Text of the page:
If you don’t like the message, shoot the messenger. That’s what Women and Child Development Minister Maneka Gandhi wanted to do but the government shot down her request.
In a highly unusual move, Gandhi sought withdrawal of government accreditation — its official recognition of journalists giving them access to government — of two Reuters India reporters, Aditya Kalra and Andrew MacAskill, after the news agency refused to “amend or withdraw” an October 19, 2015 report headlined ‘India’s budget cuts hurt fight against malnutrition: Maneka Gandhi’.
Calling it “a rare public criticism of PM Modi’s policies”, Reuters quoted Maneka as saying that her ministry’s budget, slashed by half to $1.6 billion, had hit her plans to strengthen the fight against malnutrition since the budget was only enough to pay salaries of 2.7 million health workers until January.
“We still have problems because our cut has still not been restored. Literally, it’s a month-to-month suspense on whether we can meet wages,” Reuters had quoted Gandhi. “It really calls for huge attention.”
Once it hit the wires, the ministry “strongly refuted” that Gandhi’s comments on impact of budget cuts constituted a criticism of PM’s policies and called Reuters interpretation “wrong and mischievous”.
In a clarification issued the same day, the ministry said the minister had said that “the government has accepted the recommendations of the Finance Commission on increased devolution of funds to the States with the hope that the States will be able to commit necessary additional resources for meeting the objectives of social sector schemes… it was further stated by the Minister that the States are not committing their shares to some components of some schemes which has caused uncertainty”.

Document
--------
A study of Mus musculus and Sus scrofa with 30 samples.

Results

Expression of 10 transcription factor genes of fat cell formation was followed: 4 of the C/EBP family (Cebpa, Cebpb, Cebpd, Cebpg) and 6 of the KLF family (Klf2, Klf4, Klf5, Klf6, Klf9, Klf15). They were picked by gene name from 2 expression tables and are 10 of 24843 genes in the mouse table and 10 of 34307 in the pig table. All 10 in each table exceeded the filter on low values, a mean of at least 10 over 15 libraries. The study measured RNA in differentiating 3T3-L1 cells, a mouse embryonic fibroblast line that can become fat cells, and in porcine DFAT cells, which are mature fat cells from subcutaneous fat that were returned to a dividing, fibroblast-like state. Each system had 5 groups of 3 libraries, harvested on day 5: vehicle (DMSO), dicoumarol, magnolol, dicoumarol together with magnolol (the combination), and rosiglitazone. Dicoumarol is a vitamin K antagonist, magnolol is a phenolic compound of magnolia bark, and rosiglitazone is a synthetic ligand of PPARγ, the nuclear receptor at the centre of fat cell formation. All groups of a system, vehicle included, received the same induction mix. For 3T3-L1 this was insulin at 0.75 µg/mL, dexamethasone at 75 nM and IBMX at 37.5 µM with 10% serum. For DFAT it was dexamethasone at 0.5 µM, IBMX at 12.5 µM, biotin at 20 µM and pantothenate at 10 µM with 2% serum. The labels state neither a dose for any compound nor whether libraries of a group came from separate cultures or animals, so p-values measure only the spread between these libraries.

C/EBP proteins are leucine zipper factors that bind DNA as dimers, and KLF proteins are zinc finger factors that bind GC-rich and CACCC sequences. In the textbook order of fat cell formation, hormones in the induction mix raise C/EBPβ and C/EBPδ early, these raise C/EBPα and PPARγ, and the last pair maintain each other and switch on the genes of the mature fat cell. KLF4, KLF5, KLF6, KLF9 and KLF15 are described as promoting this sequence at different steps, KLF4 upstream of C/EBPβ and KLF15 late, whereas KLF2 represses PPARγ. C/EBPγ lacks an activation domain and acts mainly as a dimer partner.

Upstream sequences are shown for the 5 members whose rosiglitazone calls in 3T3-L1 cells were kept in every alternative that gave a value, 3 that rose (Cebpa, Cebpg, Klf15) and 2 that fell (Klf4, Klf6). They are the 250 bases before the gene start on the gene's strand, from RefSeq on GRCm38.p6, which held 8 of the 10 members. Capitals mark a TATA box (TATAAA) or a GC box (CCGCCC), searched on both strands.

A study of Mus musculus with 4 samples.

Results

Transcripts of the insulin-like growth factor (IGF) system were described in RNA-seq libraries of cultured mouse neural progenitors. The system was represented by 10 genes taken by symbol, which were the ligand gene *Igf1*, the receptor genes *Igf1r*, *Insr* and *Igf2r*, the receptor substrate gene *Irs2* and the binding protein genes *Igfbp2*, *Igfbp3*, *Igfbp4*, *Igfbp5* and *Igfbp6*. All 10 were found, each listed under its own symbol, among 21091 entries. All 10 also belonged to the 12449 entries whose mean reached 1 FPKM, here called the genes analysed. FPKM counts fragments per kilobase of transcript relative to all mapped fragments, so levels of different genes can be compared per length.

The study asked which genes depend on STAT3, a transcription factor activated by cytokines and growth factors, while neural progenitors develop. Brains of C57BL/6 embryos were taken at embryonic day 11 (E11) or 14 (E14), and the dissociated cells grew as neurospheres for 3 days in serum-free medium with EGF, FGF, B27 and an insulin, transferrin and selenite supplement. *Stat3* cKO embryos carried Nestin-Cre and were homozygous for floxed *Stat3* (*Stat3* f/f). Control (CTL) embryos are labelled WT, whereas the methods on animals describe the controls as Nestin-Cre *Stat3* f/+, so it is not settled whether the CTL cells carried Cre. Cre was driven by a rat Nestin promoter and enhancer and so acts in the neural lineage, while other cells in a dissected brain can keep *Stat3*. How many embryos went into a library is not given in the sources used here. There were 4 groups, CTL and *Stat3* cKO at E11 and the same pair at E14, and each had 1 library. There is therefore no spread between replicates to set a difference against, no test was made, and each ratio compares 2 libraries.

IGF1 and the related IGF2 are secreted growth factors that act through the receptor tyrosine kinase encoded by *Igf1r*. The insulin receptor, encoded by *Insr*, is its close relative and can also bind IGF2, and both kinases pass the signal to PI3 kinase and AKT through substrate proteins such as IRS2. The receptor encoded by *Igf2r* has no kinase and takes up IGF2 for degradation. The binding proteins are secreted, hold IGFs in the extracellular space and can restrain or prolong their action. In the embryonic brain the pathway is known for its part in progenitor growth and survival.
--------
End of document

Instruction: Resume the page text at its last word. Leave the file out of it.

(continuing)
It said certain comments attributed to the Minister were “completely incorrect” and that the ministry would be taking “suitable action against Reuters”.
Reuters ran the ministry’s denial on October 20 while maintaining that it stood by the “fairness and accuracy of its story”.
However, that was not enough for the minister.
The same day, her Private Secretary Manoj K Arora moved a letter to Information and Broadcasting Secretary Sunil Arora saying he had been “directed to request you to consider withdrawal of the PIB (Press Information Bureau) accreditation” of Kalra and MacAskill.
Informing that the minister wanted an action taken report on the issue, he wrote that he had spoken to the correspondent as well as the Reuters editor who “accepted that the minister never said any of these things but it is their own interpretation” which was carried in the story. “Despite repeated requests, they refused to amend or withdraw the story,” he wrote.
“I am directed to state that the action of Reuters was completely unethical, mischievous and violates the norms of journalistic reporting. This has resulted in unnecessary projection of the government in a bad light. The matter has been viewed very seriously at the highest level,” Arora wrote on October 20.
The I&B ministry handed over the issue to PIB which, on March 7, said it could not take back the accreditation as the Central Press Accreditation guidelines did not contain any provision for its withdrawal on grounds of “alleged misreporting or mischievous reporting”.
Instead, PIB has suggested that the Women & Child Development Ministry take up the issue with Press Council of India under whose purview lies the issue of alleged misreporting and violation of norms of journalistic reporting.
Maneka Gandhi and her office did not respond to phone calls and messages from The Indian Express for comment.